The second New World of Moravian Autumn festival began on Thursday in Brno’s Besední dům. This project, by students of the Faculty of Music at the Janáček Academy of Performing Arts, was primarily originally created for the practical musical programming course and intended to be a one-off event during the Moravian Autumn the year before last. Subsequently, however, more students signed up and started working on a repeat festival. The dramaturgy for New World 2023 was handled by percussionists Adéla Spurná and David Paša, bassoonists Aneta Kubů and Josef Paik, and multimedia composer Martin Janda. Three concerts were prepared for 19, 20 and 21 October for this mini festival.
Thursday’s concert was divided into three parts, each taking place in a different space. The first was in the lounge by the foyer of Besední dům, where two ensembles composed of students at the JAMA wind instrument department performed. At the beginning, the composition Concert champêtre (Rural Concert) for oboe, clarinet and bassoon by French composer Henri Tomasi was performed by oboist Anna Kapsová, clarinettist Natálie Hrdová and bassoonist Josef Paik. This neoclassical work, divided into five miniatures, referred in its forms and harmonic progressions to Classicism, as well as to the Renaissance and the Middle Ages. The Concert champêtre posed several difficulties. The parts for the individual instruments were not easy and, for example, the bassoon was written quite high in some passages. Although there were a few inaccuracies in the interpretation and the musicians were not always completely coordinated, it was not a professional ensemble and they handled the piece well. Carl Nielsen’s Wind Quintet was the second piece. Anna Kapsová and Josef Paik were accompanied by flautist Kateřina Čechová, clarinettist Dominik Sedlák and horn player Kateřina Soukupová. As with the opening composition, this was a technically demanding work. All the musicians had a very pleasant tone, and even the more difficult runs were handled well. There were a few inaccuracies during the interpretation, but they did not spoil the composition’s overall impression.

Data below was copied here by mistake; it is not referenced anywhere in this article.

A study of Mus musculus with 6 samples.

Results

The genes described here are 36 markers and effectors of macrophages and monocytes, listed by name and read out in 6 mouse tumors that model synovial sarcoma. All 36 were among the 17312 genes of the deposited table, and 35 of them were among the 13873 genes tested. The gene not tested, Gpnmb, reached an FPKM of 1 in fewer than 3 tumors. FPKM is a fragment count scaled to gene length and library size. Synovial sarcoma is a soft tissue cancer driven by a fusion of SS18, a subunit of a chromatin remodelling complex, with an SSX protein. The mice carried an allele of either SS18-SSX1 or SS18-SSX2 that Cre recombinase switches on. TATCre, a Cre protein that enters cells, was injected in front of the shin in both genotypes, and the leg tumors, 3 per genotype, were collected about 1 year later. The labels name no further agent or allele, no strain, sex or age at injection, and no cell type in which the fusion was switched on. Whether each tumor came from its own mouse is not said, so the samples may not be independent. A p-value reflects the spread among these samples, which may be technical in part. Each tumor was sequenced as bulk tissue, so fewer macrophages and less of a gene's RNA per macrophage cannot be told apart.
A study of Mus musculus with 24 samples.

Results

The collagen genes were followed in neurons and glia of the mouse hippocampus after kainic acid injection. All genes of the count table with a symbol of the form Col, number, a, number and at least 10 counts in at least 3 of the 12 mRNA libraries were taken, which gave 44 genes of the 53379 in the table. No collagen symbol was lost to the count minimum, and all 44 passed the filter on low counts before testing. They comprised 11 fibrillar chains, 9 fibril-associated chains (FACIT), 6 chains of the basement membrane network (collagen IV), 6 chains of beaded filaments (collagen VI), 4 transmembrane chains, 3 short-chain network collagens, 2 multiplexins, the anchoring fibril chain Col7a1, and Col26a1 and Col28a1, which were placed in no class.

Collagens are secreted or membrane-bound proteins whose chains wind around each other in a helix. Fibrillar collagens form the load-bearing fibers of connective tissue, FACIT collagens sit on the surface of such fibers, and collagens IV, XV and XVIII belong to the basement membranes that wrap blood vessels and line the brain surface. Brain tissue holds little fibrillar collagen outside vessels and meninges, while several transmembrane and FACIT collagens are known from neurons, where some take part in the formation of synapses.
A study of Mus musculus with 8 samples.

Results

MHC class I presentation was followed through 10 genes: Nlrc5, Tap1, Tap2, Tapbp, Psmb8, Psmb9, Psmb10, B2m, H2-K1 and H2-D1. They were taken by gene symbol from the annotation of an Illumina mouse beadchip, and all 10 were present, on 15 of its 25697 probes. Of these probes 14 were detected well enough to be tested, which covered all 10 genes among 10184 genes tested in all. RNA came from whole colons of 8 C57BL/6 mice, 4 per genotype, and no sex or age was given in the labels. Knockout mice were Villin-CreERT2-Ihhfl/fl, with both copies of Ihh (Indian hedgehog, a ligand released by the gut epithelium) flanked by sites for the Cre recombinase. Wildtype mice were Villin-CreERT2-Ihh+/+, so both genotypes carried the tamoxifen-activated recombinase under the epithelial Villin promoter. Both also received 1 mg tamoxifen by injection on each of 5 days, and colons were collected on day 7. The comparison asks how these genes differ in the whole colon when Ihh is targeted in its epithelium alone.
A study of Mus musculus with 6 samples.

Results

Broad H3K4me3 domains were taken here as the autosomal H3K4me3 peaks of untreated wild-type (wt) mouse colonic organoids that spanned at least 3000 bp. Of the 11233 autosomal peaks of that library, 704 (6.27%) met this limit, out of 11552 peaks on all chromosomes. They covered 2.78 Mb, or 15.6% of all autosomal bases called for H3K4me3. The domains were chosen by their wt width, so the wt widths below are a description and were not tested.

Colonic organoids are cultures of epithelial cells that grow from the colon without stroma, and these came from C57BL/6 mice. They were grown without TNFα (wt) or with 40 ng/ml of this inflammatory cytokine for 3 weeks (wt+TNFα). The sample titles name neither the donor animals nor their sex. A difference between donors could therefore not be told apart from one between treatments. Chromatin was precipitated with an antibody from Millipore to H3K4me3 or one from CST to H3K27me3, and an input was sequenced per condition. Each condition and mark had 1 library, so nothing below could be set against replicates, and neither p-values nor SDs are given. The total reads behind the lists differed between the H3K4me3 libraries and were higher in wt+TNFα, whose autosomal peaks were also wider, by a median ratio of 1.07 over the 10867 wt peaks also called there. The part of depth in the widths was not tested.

For the second part, the audience moved to the adjacent Café Morgal, which is currently located in the courtyard of Pražák Palace, opposite the entrance to Besední dům, due to the renovation of the Moravian Gallery. Bohuslav Martinů’s La Revue de Cuisine was again performed by students at the JAMA Faculty of Music, this time accompanied by their teachers. A sextet composed of Dalibor Spilka – clarinet, Roman Novozámský - bassoon, Petr Čižinský – trumpet, Katarína Kožúriková – violin, Nikita Ruzhavinskii – cello and Dominik Gál – piano, was conducted by Vít Spilka. Café Morgal was a rather unusual space for the interpretation of this work. The acoustics were surprisingly good, and although the restaurant was a little busy and the atmosphere was more like sitting in a club with musical accompaniment, everything suited the La Revue de Cuisine. The musicians performed the piece in a completely professional manner, both technically and tonally. All in all, it was a very nice experience and one that brought a different perspective to the composition than from a classical performance in a concert hall.
The audience moved to the attic of Besední dům for the last part of the evening. Since the turnout was larger than the organisers had originally anticipated, the audience had to be divided into two halves, as not everyone could fit into the attic. The experimental composition Cageti by Martin Janda was performed. The piece’s name is a merging of the names Cage and Ligeti as it was inspired by their compositional approaches. The composer Martin Janda, who operated the electronics, was accompanied by bassoonist Aneta Kubů. The audience itself joined them at certain points as instructed by the performers, and thus became part of the composition. The audience provided three different sounds created with their mouths and one created with objects they had to hand (such as keys, jacket zips and mobile phones). The programme described and explained how they should respond to the instructions and was handed out before the performance. Cageti was divided into three parts. In the first, the audience joined in with the electronics and were fully drawn into the production right from the start. The second part belonged to the electronics and bassoon, and all the elements came together in the third. The concert offered an original concept that worked well and gave the audience an interesting experience.